How long does it take to “snap back” postpartum? If you look on social media or to celebrities for the answer, you would think it took mere days to snap back after having a baby. But take away all the smoke and mirrors, or I should say filters, and you’ll see the harsh reality–snapping back can take years. And it’s not just physical, snapping back is deeper than just fitting into your pre-pregnancy clothes.
When we think of snapping back, we think of getting or bodies back to their pre-pregnancy weight. But there’s way more to it than our bodies. When I was focused on getting back to “myself” again after my daughter was born, I turned to the number on the scale and the size of my jeans. But I had to learn that my snap back journey wasn’t just physical but also emotional and mental.
This idea of snapping back in unrealistic and an incomplete picture of the whole postpartum experience. It puts all the focus on our bodies, which is hard enough but it also ignores our mental and emotional state. Not only did my body change but so did my schedule, my needs, my eating and sleeping habits, my relationships, etc. Yet I was only focused on the physical aspects of my postpartum journey which caused postpartum depression.
I kept thinking that if my body returned to it’s pre-pregnancy glory, that everything would just fall into place. Because that’s all anyone every talks about postpartum. Obviously I was wrong. It’s been 6 years since I gave birth to my daughter and honestly, I just started feeling like myself again. My postpartum journey wasn’t easy. But when I stopped focusing on just the physical aspects of snapping back, and looked at it as a whole, everything changed. I started to consider my physical, emotional, and mental health as aspects of my snap back journey.
So, why 6 years? For everyone, it will be different. So, don’t expect my results. But it took 6 years for me to start feeling more like myself postpartum because I had to deconstruct the way I was taught to view my postpartum journey. I had to learn that I had to readjust a lot of my expectations. The road to “getting back to me” was way more complicated than I’d ever imaged.
Everything changed—the way I dressed, what I ate, my hobbies and interests, my goals. I started dressing just for comfort–wearing whatever was practical and effortless. I started eating whatever was quick and available. I gravitated towards hobbies and interests that were quick even if they weren’t as satisfying. And before I knew it, I felt nothing like myself.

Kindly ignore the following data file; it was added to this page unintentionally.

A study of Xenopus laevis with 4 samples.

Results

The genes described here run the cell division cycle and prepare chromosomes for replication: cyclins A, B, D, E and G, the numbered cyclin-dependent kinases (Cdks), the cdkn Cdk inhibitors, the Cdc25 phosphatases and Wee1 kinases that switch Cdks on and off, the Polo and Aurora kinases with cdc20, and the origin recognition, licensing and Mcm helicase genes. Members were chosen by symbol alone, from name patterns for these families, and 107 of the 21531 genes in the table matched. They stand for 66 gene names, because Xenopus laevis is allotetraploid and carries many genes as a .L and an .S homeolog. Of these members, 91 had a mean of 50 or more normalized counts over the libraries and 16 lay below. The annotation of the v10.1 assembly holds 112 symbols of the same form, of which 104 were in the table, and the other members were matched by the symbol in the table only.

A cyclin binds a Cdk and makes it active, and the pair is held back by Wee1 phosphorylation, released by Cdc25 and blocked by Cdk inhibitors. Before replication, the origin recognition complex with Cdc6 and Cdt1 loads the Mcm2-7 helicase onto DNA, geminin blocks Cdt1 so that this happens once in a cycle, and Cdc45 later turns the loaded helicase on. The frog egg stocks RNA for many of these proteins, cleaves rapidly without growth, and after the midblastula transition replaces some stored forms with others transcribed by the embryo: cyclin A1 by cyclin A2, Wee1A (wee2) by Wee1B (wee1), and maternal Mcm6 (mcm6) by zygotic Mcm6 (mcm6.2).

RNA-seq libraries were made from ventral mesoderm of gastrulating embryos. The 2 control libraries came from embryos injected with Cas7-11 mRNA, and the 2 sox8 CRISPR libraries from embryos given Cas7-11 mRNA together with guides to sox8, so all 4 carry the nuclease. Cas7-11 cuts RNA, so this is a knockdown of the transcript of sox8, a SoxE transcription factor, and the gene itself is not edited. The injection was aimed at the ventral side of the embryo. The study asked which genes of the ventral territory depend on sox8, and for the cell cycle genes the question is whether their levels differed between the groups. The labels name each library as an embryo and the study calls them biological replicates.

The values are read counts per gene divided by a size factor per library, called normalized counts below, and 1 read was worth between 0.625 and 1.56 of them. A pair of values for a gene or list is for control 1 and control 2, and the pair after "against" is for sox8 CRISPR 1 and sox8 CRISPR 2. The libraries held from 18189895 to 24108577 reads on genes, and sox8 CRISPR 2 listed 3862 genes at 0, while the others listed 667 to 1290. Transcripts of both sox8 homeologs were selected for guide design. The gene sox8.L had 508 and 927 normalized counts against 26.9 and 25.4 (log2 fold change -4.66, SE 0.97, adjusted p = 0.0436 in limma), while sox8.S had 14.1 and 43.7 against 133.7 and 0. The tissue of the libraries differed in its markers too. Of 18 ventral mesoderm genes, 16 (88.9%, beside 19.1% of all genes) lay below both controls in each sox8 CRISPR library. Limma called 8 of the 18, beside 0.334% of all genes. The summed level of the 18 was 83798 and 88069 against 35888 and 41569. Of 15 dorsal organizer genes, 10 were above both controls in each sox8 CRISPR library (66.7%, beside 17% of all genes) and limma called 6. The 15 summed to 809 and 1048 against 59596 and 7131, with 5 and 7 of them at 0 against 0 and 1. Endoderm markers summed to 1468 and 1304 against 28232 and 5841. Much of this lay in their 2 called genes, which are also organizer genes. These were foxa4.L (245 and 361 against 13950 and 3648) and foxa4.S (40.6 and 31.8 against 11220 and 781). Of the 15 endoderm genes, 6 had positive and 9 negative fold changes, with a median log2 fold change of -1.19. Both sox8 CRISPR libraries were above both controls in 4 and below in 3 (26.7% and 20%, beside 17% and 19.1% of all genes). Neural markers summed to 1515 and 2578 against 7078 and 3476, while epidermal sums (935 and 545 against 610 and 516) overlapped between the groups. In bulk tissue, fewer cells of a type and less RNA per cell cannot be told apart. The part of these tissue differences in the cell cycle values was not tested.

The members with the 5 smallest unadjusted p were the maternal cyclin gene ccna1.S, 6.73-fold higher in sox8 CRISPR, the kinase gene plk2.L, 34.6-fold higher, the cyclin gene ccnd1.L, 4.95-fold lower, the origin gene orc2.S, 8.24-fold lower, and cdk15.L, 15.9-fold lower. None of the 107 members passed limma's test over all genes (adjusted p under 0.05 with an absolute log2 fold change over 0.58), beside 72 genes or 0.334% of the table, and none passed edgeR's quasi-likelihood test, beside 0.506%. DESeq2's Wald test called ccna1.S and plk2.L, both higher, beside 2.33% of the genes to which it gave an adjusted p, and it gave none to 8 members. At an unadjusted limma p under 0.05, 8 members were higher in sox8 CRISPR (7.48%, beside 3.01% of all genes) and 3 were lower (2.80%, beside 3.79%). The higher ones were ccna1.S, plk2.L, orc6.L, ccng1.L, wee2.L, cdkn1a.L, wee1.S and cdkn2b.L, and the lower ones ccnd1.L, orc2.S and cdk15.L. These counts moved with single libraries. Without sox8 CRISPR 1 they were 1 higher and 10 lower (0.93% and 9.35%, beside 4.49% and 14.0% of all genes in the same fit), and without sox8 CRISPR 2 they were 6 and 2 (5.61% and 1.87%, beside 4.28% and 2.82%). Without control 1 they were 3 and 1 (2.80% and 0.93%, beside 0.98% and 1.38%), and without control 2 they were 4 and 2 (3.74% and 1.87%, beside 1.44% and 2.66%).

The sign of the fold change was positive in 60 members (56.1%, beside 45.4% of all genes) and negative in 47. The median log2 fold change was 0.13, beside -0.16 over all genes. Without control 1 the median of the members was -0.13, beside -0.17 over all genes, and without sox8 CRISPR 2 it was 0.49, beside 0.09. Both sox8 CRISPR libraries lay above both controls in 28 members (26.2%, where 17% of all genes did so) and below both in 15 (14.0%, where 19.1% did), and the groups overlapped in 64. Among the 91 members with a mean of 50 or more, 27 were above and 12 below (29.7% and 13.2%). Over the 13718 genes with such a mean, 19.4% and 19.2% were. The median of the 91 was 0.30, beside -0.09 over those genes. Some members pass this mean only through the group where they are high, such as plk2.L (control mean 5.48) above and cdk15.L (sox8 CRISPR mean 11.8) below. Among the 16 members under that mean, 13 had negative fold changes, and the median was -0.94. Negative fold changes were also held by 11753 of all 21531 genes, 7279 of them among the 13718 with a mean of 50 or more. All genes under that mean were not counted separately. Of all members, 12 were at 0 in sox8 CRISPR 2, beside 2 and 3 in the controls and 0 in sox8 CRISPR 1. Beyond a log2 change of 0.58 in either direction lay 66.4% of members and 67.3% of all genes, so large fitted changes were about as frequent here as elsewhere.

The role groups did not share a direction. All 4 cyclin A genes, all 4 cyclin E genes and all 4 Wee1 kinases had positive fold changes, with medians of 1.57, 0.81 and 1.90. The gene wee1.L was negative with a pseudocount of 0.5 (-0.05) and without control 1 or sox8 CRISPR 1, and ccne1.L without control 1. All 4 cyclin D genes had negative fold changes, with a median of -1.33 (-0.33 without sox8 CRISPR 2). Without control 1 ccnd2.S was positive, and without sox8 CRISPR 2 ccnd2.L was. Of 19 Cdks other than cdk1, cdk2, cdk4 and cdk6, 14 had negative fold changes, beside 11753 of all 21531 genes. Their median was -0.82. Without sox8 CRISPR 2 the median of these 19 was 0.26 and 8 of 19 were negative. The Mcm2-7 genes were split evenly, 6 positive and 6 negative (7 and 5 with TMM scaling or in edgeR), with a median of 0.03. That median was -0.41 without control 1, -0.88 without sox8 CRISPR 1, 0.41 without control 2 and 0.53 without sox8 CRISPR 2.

A few months ago, while I was taking a trip down memory lane, I caught myself looking at pictures of my daughter when she was just a baby. As I scrolled through pictures, I was shocked to see how much I transformed. It seemed like I was looking at pictures of a stranger. Everyone else was dressed nicely, except for me. I wore leggings and t-shirts and my hair was almost always a mess. Everything I was wearing had to do with being a mom–diaper bag, practical shoes, hair tied up. That realization propelled me to really step out of this comfortable yet unsatisfying bubble I was in.
I started slowly. I started therapy. I carved out a routine that included more time for myself. I started exercising more, reading more, and at the urging of my therapist I started allowing myself to rest and have more fun. Eventually, I started going through my wardrobe and tried to find my personal style again. It might sound superficial, but rediscovering my personal style outside of motherhood was the thing that really got the ball moving.
I’m not saying that buying a new pair of jeans will fix everything, but finding a way back to yourself is the real “snap back” that no one talks about. I might not ever be the exact person I was before becoming a mother, but this new version of me can exist in, outside, and around motherhood, not just at the center of it.
So my advice? Lean into this new version of yourself. Make time for yourself. Put your needs on the to-do list. And most importantly, know that “snapping back” looks different for everyone and it’s not just physical.